As a self-confessed Japanophile and someone who has loved Smash Up for years, it's crazy that I've only just been gifted this expansion. But here we are - finally - I have the Big in Japan expansion and boy, was it worth the wait.
This expansion contains 4 new factions, 8 new bases, a rulebook, VP tokens and 4 titans which also serve as dividers for The Big Geeky Box. If you're reading this review, I'm going to assume you know Smash Up. If not, head on over to Zatu's listing for the original Smash Up and get yourself the game - it's fantastic. Essentially, it's a build-your own card game where you 'smash up' two sets of 'factions' to create your team. You then use your team to win bases and, ultimately, points. It's simple but at the same time, never boring.
Intellectual Property? What Intellectual Property?
One of the things I love most about this game is it's sense of humour. I present to you, the four new factions:
- Magical Girls
- Itty Critters
- Mega Troopers
If you watched any television in the 90s, you'll know exactly what these are supposed to be, but in case you didn't:
Kaiju - think Godzilla. All sorts of mythical monsters.
Magical girls - Lunar Captain *coughs* I mean, Sailor Moon, Cardcaptor Sakura and all sorts of animé gals feature in this aesthetic deck.
Itty Critters - Do I even need to explain this one?
Mega Troopers - A cross between Transformers and Power Rangers, from what I can tell. I'm getting a hint of Gundam in there too.
New Mechanic Alert!
Titans are a new type of card for Big In Japan, different from minions, actions and bases. Every faction in 'Big in Japan' has a titan. Titans are printed on the back side of the plastic Faction divider card. A titan starts the game next to the player's deck and never goes to the hand, deck or discard pile of that player. They also can't be played like any usual minion or action, in fact, they can only be played when a card (including the titan itself) allows you to play one. They bring a fun new variable to the game as well as being beautifully designed.
While we normally like to blind pick our teams, as we were testing out a new box I chose - of course - Pokémo- I mean, the Itty Critters. Leafaroo, Meowth- I mean Calicoin and all those well-known creatures we've come to know and love. Gotta get 'em all, right? For contrast (and nostalgia) I plumped for Mega Troopers as my second faction. This left my opponent with the slightly odd mix of Kaiju and Magical Girls.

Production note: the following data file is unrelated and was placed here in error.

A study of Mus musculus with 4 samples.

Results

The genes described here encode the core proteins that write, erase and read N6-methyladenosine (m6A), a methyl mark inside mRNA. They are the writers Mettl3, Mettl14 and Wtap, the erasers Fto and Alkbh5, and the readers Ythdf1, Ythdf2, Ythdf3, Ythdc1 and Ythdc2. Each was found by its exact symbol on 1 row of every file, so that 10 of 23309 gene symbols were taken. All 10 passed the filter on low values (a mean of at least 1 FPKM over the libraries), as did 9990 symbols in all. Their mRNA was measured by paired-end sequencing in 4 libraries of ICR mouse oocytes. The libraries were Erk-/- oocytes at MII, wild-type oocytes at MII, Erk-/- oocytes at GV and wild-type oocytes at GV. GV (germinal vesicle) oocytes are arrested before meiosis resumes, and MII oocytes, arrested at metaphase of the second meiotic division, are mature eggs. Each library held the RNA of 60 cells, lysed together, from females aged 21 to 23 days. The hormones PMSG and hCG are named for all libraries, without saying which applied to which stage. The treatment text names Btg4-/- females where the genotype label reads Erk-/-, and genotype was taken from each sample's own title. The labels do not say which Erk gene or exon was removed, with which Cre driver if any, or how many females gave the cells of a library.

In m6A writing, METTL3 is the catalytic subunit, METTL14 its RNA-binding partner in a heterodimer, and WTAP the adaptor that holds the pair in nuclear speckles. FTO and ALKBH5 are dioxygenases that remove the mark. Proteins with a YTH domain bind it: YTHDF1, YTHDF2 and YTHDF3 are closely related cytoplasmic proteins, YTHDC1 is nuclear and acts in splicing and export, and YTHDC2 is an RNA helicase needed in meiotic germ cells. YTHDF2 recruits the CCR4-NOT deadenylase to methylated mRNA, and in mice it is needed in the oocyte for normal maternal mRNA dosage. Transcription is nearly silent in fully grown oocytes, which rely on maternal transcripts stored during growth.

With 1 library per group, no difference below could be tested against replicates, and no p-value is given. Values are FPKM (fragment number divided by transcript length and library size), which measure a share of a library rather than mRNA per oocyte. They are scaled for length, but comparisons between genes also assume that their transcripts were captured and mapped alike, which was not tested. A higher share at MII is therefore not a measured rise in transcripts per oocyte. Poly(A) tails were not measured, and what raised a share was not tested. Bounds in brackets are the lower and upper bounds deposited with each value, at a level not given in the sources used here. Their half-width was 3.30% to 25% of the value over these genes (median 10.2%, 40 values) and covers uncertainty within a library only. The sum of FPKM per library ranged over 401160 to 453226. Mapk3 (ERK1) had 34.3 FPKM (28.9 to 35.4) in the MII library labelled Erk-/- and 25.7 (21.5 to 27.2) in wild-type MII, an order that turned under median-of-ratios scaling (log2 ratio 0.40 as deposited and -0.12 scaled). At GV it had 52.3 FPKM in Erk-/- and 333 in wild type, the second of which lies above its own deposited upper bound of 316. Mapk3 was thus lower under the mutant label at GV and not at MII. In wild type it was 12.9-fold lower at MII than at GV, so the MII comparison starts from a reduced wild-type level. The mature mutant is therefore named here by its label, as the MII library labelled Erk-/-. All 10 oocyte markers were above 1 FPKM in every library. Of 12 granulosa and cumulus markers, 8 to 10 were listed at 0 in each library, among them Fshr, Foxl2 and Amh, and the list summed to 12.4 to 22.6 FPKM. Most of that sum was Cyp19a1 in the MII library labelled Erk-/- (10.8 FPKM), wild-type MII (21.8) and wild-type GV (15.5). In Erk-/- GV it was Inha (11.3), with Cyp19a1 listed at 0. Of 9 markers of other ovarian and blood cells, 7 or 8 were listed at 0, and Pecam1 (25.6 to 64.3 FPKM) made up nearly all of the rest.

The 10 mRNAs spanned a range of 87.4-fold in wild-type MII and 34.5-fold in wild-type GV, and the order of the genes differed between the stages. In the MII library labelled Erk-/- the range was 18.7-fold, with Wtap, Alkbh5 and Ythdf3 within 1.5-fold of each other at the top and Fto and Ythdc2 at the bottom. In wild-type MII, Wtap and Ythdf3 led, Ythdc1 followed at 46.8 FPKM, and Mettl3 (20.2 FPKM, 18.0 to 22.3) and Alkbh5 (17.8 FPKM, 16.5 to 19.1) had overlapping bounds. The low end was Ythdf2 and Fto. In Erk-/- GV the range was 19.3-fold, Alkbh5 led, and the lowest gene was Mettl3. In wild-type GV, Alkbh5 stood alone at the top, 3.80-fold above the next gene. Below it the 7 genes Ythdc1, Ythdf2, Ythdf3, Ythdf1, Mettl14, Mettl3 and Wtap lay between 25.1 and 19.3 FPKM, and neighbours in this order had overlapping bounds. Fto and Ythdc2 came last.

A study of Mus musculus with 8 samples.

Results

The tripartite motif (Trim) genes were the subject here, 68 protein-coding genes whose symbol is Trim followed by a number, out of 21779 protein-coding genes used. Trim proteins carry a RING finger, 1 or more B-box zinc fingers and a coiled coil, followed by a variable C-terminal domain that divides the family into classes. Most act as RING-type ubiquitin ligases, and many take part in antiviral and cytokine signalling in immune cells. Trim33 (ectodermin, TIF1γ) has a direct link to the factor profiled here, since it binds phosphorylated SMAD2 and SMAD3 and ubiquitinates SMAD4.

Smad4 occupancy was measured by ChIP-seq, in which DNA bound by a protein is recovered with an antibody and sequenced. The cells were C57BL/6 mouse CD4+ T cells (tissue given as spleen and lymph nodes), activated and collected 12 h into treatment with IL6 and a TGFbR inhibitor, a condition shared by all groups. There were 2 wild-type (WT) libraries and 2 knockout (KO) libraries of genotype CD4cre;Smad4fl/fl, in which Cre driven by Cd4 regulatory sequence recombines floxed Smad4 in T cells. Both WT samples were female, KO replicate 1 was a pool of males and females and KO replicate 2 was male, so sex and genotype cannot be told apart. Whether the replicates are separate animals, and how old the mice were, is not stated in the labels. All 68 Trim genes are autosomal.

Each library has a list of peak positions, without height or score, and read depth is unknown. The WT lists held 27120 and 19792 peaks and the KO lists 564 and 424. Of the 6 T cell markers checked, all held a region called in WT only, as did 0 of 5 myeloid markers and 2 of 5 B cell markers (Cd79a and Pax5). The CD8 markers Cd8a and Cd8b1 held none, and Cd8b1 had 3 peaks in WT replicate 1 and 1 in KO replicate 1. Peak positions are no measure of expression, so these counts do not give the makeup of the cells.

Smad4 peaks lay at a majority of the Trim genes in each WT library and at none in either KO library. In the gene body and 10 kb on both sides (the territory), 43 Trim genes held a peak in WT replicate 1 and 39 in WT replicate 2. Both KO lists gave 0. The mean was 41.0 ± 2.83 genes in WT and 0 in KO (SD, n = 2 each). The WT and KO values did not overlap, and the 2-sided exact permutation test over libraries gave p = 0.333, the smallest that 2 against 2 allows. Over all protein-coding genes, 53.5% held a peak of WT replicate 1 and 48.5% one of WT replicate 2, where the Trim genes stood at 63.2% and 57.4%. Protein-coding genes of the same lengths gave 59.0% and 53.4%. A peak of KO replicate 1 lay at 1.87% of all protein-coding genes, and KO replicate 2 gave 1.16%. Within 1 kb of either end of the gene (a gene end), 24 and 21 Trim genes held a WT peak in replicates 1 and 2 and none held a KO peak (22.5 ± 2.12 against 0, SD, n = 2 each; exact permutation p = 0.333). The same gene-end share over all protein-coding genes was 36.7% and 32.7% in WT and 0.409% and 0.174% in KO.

The Itty Critters were, as you can imagine, all about the minions. I won't spoil all of the hilarious Poképuns for you, but just know that I giggled every time I drew a new card. The artwork is adorable and the mechanics work well although one repeating action was quite annoying (find a minion in your deck and play it. If you still control it at the end of your turn, put it on the bottom of your deck.) I think this is meant to help score a base, however it was on so many of the cards that it was rarely used.
The Mega Troopers had some solid buffs and reliable action cards, with a useful titan in Megabot. I think combining these two factions left me light on actions overall, which was a problem my opponent most certainly did not have.
The Magical Girls had a number of adorably derivative animé girl minions and a moving- I MEAN WALKING castle titan. If you're a Studio Ghibli fan - you'll enjoy these cards.
The Kaiju (and its titan Gorgodzola) were what ultimately won the game. While light on minions (and disappointingly lacking in fun playable monsters), this faction has an array of action cards you can play on bases, which make those bases much easier to win.
This expansion is my personal favourite so far. As a 90s child with a passion for all things kawaii, I loved the attention to detail and endless pop culture references in this set. 'Smash up: Big in Japan' will have you shouting 'Leafaroo, I select you!' and 'It's Blitzin' Time' with the giddy abandon of an eight year old millennial. It even has the puppy seal of approval.